Information overload is one of the perils of working with lists of data in Microsoft Excel. There’s only so much information that we can comfortably work with in any given moment, which makes filtering a great tool for fighting back. The numbered steps in Figure 1 show you how to collapse a list down.

Figure 1: Excel’s Filter feature helps you combat information overload.

As shown in step 4, Excel adds an arrow to the top of each column. You can use these arrows to get a bird’s eye view of your data, as each filter drop-down shows you one of each item within that column. You can also use it to peruse columns of numbers, you’ll see the smallest number at the top, and simply scroll down to see the largest number.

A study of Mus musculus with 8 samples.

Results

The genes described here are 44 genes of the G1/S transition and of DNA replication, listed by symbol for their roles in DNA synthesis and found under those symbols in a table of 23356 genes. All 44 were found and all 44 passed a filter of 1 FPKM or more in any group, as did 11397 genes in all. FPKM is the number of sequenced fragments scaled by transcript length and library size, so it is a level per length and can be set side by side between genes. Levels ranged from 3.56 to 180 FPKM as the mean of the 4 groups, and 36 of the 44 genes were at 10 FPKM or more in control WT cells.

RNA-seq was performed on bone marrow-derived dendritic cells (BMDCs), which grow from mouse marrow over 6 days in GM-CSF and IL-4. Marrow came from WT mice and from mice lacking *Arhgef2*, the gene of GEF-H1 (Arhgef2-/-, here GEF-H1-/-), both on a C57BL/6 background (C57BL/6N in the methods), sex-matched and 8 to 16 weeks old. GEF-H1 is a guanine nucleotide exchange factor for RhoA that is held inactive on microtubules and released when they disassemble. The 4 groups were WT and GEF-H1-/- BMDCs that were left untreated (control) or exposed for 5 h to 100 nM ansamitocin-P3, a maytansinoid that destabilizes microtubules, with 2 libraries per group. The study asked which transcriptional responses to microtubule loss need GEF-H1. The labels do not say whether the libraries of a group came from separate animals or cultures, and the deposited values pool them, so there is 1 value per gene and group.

Filtering is typically a manual process by way of the drop-down menus, but there are a couple of ways to speed up the process. Figure 2 shows that you can right-click on any cell, choose Filter, and then Filter by Selected Cell’s Value to filter data without using the drop-down menus. Or, as shown in Figure 3, you can create your own keyboard shortcut. When you add AutoFilter to your Quick Access Toolbar you can filter cell contents with a single click of the new icon, or by tapping the Alt key and typing the associated numeric shortcut. You can use these techniques in as many columns as you wish. Keep in mind though that the shortcuts only allow you filter for a single value in each column. If you want to filter for say apples and oranges together, you’ll need to use the drop-down menus shown in Figure 1.

Figure 2: Right-click on a cell to use a hidden short-cut menu related to filtering.

Figure 3: Turbocharge filtering by adding AutoFilter to your Quick Access Toolbar.